Q&A: Students reflect on their lives abroad


Sophia Weis

Cultures can differ drastically from country to country. Three CHS students come from Canada, Germany, India, and Japan.

Transitioning to life in the U.S. from living abroad is a difficult endeavor. These Carlsbad students have traveled to California from all over the world and are able to compare their lives in America to their lives in other countries such as Canada, Japan, Germany, and India. 

Ella Paustenbaugh

Courtesy of Ella Paustenberg

Lancer Link: What country are you from?

Ella Paustenbaugh: I’ve lived in Japan and Germany. 

LL: How long did you live in Japan and Germany? 

EP: I lived in Japan for 2 years (2-3rd grade) and I lived in Germany for 3 years (5-7th grade). 

LL: What were the most unique thing about living in those countries? 

EP: I really loved the architecture and the way people did things. Like in Germany, most people stayed inside on Sundays because it was known as a family day, and people were very respectful there. They also had the best Christmas markets where we went around and saw decorations, food, and drinks. Oktoberfest was also a very unique part of Germany. Everyone dressed up in traditional clothing and dirndls [traditional skirt with waistband] and lederhosen and went to this fair-like event with rides, pretzels, and games. 

In Japan, it was super cool seeing how different it was compared to the U.S., but it also had some similar places like the dollar store (the 100 yen store). They had vending machines in each corner and they had such a cool culture. They had so many unique holidays and events. 

LL: What was the biggest culture shock for you moving back to the U.S.? 

EP: From what I remember, it was crazy seeing all the huge stores like Walmart and Target, because in Germany, the stores are much much smaller. It was [also] crazy seeing all the U.S. food places and stores like Chick-fil-a, In-N-Out, Walmart, Target, Costco because they don’t have any of those in Europe or Asia. It was also weird getting used to different places because the U.S. in general is much bigger than Europe. 

LL: How do you think living in another country impacted your life in the U.S. today? 

EP: I learned so much, got a lot of my slang, and just how I do things every day is from both of those countries. I also made some of my best friends there so it was super awesome. 

Rishab Bora

Courtesy of Rishab Bora

Lancer Link: What country are you from and how long did you live there?

Rishab Bora: I lived in India for four years, from the ages of 7-11.

LL: How do you think living in India has affected the way you live now in the U.S.? 

RB: It gave me a feeling of my culture and I’ve carried that culture and those traditions over to the U.S. to develop a sense of community, even though I may be thousands of miles away. It was very humbling, as life in India was obviously considerably harder than life over here, so it taught me how to be grateful for what I have.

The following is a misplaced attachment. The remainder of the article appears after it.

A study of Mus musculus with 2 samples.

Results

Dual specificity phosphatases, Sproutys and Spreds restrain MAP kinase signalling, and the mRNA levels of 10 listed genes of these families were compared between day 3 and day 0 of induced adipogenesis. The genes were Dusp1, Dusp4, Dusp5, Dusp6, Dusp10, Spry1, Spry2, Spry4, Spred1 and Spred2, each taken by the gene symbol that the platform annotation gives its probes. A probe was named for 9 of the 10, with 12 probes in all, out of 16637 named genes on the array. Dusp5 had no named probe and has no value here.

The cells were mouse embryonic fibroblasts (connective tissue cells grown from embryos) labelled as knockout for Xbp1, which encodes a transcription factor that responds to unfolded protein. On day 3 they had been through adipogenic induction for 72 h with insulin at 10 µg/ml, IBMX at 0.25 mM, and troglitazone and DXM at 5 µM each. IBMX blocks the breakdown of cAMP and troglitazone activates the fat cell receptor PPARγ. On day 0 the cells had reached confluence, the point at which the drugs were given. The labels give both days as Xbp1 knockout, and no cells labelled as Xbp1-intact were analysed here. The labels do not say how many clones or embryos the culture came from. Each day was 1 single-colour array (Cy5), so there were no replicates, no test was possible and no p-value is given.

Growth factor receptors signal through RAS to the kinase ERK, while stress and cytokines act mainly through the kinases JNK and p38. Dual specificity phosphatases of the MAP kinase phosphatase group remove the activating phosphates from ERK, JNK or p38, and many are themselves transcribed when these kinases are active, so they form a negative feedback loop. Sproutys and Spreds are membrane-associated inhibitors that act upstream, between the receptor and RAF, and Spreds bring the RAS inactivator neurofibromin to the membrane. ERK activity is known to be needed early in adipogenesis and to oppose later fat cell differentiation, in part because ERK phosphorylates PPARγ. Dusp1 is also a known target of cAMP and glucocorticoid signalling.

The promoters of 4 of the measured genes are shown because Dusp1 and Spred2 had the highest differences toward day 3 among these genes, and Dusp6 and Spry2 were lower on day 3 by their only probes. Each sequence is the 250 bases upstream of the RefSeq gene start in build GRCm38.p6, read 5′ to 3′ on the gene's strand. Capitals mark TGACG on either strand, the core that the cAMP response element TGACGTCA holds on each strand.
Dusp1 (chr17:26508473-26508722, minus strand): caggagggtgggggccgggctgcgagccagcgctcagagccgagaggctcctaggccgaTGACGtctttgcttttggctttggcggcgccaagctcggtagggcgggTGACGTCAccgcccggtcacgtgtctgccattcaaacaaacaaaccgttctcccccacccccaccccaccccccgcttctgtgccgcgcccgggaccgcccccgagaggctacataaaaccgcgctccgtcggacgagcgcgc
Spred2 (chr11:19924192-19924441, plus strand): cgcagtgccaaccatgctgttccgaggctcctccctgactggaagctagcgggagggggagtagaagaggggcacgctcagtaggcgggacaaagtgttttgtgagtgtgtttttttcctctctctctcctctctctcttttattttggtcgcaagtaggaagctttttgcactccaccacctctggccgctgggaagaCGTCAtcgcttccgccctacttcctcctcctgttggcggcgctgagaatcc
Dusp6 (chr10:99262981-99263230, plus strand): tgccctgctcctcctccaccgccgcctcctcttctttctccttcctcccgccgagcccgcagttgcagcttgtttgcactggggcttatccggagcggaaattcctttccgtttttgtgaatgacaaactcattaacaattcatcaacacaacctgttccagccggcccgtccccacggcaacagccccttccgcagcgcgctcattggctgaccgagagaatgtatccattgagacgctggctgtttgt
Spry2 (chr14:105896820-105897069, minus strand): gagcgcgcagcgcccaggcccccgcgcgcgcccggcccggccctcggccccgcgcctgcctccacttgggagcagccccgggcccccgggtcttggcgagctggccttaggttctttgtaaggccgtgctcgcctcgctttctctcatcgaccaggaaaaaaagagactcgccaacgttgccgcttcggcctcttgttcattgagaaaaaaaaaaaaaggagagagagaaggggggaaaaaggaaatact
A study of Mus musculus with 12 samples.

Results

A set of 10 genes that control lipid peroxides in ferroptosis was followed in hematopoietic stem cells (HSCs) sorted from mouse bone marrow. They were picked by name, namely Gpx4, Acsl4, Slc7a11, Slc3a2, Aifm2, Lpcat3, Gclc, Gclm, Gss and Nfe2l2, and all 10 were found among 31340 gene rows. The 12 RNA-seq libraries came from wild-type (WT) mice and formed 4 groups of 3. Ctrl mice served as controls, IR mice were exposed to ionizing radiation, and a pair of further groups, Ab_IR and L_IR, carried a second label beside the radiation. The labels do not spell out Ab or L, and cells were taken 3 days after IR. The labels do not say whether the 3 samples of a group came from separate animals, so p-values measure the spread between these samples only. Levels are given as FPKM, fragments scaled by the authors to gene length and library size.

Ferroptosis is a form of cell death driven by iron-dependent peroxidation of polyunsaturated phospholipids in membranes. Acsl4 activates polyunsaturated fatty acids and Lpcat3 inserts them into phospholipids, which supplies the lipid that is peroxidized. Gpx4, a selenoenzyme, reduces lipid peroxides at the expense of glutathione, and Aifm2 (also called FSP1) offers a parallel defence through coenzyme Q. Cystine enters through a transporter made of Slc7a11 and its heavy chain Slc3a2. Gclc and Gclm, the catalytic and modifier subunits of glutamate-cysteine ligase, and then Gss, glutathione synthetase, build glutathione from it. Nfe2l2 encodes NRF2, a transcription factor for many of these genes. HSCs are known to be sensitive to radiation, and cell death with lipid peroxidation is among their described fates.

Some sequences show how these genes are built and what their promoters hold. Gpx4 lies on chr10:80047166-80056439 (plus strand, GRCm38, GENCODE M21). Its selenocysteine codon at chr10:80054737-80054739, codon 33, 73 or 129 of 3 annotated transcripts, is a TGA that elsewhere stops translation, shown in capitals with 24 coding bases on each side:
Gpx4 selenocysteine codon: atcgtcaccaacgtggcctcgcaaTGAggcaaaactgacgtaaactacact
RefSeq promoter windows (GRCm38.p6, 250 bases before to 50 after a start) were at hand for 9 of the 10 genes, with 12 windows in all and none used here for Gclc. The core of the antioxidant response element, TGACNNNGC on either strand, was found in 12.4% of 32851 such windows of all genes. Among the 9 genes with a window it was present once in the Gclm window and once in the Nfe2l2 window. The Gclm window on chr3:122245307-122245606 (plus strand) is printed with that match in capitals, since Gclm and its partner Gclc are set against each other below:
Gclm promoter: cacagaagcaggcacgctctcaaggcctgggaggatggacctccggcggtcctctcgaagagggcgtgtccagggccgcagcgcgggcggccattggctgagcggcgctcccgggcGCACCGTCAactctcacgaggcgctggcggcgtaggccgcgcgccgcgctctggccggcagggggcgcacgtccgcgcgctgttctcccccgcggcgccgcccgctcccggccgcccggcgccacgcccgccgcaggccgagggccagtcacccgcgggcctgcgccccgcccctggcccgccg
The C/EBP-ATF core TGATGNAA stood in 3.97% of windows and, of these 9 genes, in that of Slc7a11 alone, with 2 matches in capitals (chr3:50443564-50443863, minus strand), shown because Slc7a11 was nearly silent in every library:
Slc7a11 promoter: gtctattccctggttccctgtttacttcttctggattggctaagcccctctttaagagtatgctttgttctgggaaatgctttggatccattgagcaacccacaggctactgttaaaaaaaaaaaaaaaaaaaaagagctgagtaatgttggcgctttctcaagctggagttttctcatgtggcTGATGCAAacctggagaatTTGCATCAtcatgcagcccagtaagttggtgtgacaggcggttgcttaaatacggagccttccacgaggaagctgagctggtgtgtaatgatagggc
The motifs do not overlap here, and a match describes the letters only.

LL: What was the most interesting thing about living in India? 

RB: Learning about my own culture, meeting people, just learning the different way of life that happened over there, because obviously, life over here is different from life over there. It was really a great experience because I got to learn about how different people can live life. 

LL: What’s the most unique thing that’s different from America?

RB: I definitely believe that life in America’s a lot easier, in the sense that obviously there’s technology and stuff in India as well, but I do think it’s more organized [and] a little easier over here.  Education is definitely much better. I think that’s the biggest difference. 

LL: When you moved back did you experience a big culture shock compared to India?

RB: Yeah, I think so. I spent a lot of my vital years over there, and obviously, I used to live here before, but if you go anywhere for a long time, you kind of forget how life was over here. But I do think it was definitely much different than some things I was used to. Like the language, the vernacular was very different, so it just took some time to get used to.

Hanna Kaplan

Courtesy of Hanna Kaplan

Lancer Link: What country are you from and how long did you live there?

Hanna Kaplan: I’m from Canada. We lived there from when I was born (2005) till I was four (2009), so four years. 

LL: How do you think living in another country has impacted your life now, living in the U.S? 

HK: For me personally, I was only four when I moved to the States, so day-to-day life wasn’t much different in Canada than here in California. However, when it comes to my family, everyone lives in Toronto and it still is an adjustment today, given COVID, that I’m not able to just get on a plane and see them as I normally would. I went from living 5 minutes away from my extended family to moving 2,500 miles away, which was a severe impact. 

LL: What was the biggest culture shock that you remember, or you or your family experienced when moving to the U.S.? 

HK: I don’t think there was much of a culture shock for me but there definitely was for my mom. My dad is from California originally, but my mom was new to things such as medical coverage or insurance and such, alongside the overall lifestyle, especially in California.